Portuguese Art, Architecture, and Azulejos
Portuguese artistic styles were inspired first by the excitement of the newly emerging nation and then by the baroque experimentation that wealth from the colonies made possible.
Painting came into its own in the 15th century with the completion of Nuno Gonçalves's Flemish-inspired polyptych of São Vicente (St. Vincent), which portrayed the princes and knights, monks and fishermen, court figures and ordinary people of imperial Portugal. It's on display in Lisbon's Museu de Arte Antiga. The work of the next great Portuguese painter, the 16th-century Vasco Fernandes (known as Grão Vasco, or the Great Vasco), has an expressive, realistic vigor. His masterpieces are on display in Viseu.
The elaborate decoration that is the hallmark of Manueline architecture is inspiring in its sheer novelty. Structures are supported by twisted stone columns and studded with emblems of seaborne exploration and conquest—particularly under Dom Manuel I (1495–1521)—with representations of anchors, seaweed, and rigging mingling with exotic animals.
Following the discovery of gold in Brazil at the end of the 17th century, churches in particular began to be embellished in a rococo style that employed talha dourada (polychrome and gilded carved wood) to stupendous effect. There are superb examples at the churches of São Francisco in Oporto and Santo António in Lagos, and at the Convento de Jesus at Aveiro. For rococo at its most restrained, visit the royal palace at Queluz, near Lisbon.
In the 18th century the sculptor Machado de Castro produced perhaps the greatest equestrian statue of his time, that of Dom José I in Lisbon's Praça do Comércio. Domingos António Sequeira (1768–1837) painted prominent historic and religious subjects. Portrait and landscape painting became popular in the 19th century; works by José Malhoa and Miguel Angelo Lupi can be seen in the Museu de José Malhoa in Caldas da Rainha. The Museu Soares dos Reis in Oporto—named after the 19th-century sculptor of that name (1847–89)—was the country's first national museum. His pupil António Teixeira Lopes (1866–1942) achieved popular success and has a museum named after him in Vila Nova de Gaia, near Oporto.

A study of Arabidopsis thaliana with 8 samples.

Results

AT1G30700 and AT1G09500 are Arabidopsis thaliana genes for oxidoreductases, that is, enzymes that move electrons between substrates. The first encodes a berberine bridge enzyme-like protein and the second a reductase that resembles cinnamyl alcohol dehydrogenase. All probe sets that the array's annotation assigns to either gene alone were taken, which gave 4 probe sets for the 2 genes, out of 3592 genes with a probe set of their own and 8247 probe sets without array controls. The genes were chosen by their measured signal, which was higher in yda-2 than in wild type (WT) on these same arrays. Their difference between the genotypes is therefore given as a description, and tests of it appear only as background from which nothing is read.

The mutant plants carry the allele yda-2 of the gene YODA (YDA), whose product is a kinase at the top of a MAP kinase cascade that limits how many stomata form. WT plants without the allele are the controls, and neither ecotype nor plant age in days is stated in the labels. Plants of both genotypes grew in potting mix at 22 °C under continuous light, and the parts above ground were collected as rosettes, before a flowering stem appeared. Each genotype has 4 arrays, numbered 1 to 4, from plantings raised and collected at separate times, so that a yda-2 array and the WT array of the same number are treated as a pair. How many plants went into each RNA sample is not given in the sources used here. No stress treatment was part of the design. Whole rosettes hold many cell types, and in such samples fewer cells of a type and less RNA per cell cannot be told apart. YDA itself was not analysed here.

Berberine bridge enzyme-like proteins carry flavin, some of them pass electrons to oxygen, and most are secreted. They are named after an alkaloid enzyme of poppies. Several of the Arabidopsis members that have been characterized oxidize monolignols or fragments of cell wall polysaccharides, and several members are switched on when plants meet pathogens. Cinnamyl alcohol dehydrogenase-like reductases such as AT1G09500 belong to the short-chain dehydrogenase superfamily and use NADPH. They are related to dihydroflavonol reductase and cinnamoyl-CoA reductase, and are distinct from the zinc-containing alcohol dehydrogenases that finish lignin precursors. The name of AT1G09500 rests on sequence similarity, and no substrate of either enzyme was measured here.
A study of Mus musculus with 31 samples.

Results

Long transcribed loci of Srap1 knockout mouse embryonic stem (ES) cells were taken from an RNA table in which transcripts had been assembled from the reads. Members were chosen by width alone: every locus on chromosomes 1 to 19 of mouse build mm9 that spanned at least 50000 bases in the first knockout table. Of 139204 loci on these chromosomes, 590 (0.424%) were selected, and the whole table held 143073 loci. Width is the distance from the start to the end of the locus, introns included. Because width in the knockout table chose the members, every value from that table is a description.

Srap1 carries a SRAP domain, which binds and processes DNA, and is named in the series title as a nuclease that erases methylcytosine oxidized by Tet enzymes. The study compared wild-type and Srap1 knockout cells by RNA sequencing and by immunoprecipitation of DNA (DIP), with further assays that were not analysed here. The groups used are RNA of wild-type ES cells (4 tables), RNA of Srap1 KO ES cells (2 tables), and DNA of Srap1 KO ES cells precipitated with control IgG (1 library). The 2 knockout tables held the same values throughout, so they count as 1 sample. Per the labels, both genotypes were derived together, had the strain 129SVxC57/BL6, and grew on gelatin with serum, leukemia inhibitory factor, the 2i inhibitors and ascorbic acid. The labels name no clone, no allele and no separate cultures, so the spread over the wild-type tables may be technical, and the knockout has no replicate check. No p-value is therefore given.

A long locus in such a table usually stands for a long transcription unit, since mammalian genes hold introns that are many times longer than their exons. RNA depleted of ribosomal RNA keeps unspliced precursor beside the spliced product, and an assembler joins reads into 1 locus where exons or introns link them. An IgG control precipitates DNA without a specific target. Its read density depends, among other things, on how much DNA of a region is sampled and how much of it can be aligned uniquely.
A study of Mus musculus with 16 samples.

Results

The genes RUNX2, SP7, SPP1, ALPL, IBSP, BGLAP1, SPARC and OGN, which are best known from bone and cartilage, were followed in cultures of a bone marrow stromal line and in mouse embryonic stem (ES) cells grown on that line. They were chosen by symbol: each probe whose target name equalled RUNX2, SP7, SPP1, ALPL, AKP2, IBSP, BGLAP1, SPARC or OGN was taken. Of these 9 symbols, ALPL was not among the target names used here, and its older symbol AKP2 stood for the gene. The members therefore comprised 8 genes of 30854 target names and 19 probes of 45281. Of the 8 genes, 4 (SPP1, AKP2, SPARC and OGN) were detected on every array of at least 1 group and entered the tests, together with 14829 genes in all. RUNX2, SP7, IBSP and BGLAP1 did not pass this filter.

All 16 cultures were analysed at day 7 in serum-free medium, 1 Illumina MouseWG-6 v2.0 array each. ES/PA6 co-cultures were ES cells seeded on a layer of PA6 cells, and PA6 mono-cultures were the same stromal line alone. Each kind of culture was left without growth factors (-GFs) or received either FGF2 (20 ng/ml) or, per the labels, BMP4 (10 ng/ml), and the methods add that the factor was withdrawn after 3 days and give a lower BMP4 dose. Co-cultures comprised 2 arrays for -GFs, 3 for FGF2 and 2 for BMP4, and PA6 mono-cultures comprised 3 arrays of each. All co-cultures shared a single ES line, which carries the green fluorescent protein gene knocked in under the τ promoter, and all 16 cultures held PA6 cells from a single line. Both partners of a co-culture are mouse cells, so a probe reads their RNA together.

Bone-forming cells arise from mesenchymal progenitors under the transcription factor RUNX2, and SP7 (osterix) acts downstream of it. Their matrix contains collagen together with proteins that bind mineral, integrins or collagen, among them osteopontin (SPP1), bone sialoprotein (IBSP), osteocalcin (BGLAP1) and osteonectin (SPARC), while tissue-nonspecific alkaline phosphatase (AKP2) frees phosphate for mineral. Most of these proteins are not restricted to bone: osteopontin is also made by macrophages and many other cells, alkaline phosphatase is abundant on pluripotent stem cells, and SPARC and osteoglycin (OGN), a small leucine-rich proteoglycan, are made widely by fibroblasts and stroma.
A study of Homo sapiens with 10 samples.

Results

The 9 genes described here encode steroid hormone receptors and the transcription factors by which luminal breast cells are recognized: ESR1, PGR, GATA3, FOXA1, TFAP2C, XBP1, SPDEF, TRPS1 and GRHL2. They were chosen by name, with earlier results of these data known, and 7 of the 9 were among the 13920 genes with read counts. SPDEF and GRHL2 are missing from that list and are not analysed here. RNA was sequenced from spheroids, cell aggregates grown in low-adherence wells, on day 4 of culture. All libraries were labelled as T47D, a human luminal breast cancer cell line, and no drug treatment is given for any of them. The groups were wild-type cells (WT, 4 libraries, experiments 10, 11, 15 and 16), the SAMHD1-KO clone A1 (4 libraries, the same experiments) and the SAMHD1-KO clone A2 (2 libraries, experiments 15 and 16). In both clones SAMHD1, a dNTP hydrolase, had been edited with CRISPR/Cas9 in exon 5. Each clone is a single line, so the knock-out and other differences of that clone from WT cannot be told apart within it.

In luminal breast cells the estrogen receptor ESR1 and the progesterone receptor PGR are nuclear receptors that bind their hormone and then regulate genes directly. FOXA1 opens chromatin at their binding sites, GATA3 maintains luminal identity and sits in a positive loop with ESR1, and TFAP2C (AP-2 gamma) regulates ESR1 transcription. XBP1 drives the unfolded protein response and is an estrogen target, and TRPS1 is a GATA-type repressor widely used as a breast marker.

Of all Portugal’s artistic images, its azulejos (painted ceramic tiles) are perhaps the best known. It is thought the Moors introduced these tiles to Iberia, and although many are blue, the term "azulejo" may not come from azul, the Portuguese word for that color, but rather from the Arabic az-zulayj (little stones). By the 17th century whole panels depicting religious or secular motifs were common, for example at the Fronteira palace on the outskirts of Lisbon.
Tiles in a wide variety of colors adorn many fountains, churches, and palaces. The Paço Real (Royal Palace) in Sintra is one remarkable example of their decorative effect, but there are delightful combinations on the nation's quintas or solares (country residences) with interesting examples in the Minho region in the north. There are also well-preserved works on display in several museums, including Lisbon's Museu Nacional do Azulejo and Museu de Arte Antiga and Coimbra's Museu Machado de Castro.